Aunt Gertrude and other holiday lessons

I have a 20-something friend who spends her days working with the elderly. Many have dementia. Some are rude and blurt out foul language. Some are truly sweet. My friend seems to have a place in her heart for them all. She has affectionately dubbed them, “the olds.”

Over the holidays, I spent some quality time with the “olds” in my own life. And what I have found is that humor is vital, and it really is the life in your years, and not the years in your life, that make the difference.

Over Thanksgiving, I had the pleasure of spending some time with my boyfriend’s 80-something grandmother. Much to the delight of her family, this sweet-as-can-be woman donned a Ray Rice Raven’s jersey and posed for pictures. This lighthearted moment will surely be a lifetime memory for the family.

On Christmas Eve, I spent time with good friends and their relatives. My friends are taking their soon-to-be 70-year-old parents, who have been married 48 years, to Ireland this summer. To stay in shape, the mother is doing more than an hour of water aerobics three times a week. Smiling and laughing as they sat surrounded by family, it’s clear their lives are full and rich and happy.

My friends’ Aunt Gertrude also made an appearance on Christmas Eve. She might be on the brink of turning 90, but Aunt Gertrude is clearly full of sparkle and good fun. She walked into the party donned in a festive red blazer and a musical Santa hat, which was an instant hit.

“Can you believe I got my hair done and now I’m wearing this thing?” she said to me. “I still have hair under here, you know.”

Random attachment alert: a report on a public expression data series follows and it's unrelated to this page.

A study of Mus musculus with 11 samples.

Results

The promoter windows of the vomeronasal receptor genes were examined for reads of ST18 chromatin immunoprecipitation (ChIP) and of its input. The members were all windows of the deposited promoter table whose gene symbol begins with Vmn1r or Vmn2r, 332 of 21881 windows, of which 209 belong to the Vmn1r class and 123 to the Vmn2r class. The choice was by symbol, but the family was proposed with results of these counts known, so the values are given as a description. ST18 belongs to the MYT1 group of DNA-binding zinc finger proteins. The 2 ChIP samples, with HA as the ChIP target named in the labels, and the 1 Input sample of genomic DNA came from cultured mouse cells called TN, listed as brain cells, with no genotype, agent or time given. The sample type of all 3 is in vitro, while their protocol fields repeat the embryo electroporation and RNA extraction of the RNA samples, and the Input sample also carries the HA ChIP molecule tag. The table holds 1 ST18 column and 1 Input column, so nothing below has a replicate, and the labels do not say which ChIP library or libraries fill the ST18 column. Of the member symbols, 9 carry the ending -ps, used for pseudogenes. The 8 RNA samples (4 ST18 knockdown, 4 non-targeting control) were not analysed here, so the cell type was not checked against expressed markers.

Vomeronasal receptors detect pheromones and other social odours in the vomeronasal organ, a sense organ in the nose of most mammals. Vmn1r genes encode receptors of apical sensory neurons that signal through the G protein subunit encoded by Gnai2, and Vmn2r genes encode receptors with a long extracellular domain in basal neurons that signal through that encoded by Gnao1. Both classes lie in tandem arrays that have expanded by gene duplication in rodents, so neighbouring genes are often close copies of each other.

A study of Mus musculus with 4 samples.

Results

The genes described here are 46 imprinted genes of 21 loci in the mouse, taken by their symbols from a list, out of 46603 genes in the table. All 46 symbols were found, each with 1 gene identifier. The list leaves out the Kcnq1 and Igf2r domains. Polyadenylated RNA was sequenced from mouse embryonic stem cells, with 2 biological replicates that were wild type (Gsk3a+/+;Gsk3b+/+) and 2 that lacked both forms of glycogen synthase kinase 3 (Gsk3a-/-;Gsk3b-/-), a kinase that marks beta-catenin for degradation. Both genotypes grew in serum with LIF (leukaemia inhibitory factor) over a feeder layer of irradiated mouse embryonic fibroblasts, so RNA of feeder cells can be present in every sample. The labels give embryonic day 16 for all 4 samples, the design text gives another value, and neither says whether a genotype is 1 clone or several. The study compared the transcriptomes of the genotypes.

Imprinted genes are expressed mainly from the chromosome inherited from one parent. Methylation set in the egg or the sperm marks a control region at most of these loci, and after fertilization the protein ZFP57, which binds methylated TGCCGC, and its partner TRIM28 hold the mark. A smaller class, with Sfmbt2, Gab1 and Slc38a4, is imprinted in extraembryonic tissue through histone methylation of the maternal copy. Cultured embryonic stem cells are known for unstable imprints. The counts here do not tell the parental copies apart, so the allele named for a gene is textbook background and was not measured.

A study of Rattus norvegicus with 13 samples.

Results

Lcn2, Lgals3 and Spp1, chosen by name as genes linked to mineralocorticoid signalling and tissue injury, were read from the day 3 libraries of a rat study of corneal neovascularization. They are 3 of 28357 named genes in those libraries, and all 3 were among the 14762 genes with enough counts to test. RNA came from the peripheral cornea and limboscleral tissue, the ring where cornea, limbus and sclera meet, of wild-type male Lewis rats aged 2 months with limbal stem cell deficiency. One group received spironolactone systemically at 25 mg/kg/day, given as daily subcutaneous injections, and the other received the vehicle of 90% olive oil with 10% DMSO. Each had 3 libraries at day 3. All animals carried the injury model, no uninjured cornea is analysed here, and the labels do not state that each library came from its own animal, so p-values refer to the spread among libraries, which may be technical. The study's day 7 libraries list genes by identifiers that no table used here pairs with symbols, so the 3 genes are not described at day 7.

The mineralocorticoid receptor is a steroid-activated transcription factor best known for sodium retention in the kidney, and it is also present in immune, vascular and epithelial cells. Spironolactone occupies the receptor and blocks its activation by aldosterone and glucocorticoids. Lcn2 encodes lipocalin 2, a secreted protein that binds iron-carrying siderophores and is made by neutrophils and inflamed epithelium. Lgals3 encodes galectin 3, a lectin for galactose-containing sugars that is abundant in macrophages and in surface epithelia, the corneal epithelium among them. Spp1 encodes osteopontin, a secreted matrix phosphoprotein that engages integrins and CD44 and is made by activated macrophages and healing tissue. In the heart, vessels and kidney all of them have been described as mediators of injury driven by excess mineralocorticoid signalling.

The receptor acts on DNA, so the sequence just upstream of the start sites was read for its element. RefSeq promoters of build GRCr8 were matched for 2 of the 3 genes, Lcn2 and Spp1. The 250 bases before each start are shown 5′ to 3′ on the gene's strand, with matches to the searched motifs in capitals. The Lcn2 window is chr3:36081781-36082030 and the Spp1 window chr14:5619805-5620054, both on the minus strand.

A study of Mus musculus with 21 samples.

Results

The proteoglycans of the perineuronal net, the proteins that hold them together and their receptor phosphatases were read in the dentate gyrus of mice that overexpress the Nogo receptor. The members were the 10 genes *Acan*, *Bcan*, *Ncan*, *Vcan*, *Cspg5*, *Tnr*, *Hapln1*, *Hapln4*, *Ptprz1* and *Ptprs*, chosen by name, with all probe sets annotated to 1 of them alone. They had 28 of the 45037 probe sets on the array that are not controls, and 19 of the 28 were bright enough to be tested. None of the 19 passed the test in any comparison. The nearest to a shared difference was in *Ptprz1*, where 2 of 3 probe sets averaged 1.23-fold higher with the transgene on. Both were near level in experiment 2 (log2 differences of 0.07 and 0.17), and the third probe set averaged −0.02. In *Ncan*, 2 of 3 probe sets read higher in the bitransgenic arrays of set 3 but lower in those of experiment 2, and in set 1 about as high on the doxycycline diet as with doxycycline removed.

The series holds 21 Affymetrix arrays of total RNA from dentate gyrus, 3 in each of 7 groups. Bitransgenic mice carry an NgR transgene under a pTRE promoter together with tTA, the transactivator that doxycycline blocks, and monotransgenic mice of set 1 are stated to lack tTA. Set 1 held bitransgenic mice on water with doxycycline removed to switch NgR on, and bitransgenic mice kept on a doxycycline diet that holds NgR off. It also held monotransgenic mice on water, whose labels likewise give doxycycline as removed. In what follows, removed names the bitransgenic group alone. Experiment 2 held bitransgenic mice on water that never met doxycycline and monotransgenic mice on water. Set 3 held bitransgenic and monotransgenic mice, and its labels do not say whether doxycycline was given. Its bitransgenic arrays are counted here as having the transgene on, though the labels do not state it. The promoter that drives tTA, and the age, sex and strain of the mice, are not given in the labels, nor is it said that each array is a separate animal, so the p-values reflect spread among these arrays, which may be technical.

I can only hope that if I make it to 90, I have half as much humor and energy.

For Christmas morning, I had breakfast with my grandparents, who are in their late 80s. They admit they are slowing down now, but their eyes light up as they talk about all their adventures. Water skiing, trips to Monaco and dining out with friends were among the things they talked about. My grandfather has served in the military and had a career spanning more than 40 years at a dairy. But as he delighted in telling stories, it’s clear he’s had a life of fun as well.

“This life don’t owe me nothing,” said my grandfather, reflecting on his fulfilling life.

What a great thing to be able to say.

Finally on Christmas afternoon, I spent time with my other grandfather, aunts, uncles and cousins. My grandfather recently got out of the hospital and toward the end of the evening, he had my cousin, aunt and me cracking up as he joked about his situation and some of the unpleasant side effects. It’s unfortunate he has health issues, but so wonderful he was able to just laugh about it.

I may still be a little ways away from being an “old,” but I truly do appreciate the richness, joy and lessons they bring to my life.

Catholic Review

The Catholic Review is the official publication of the Archdiocese of Baltimore.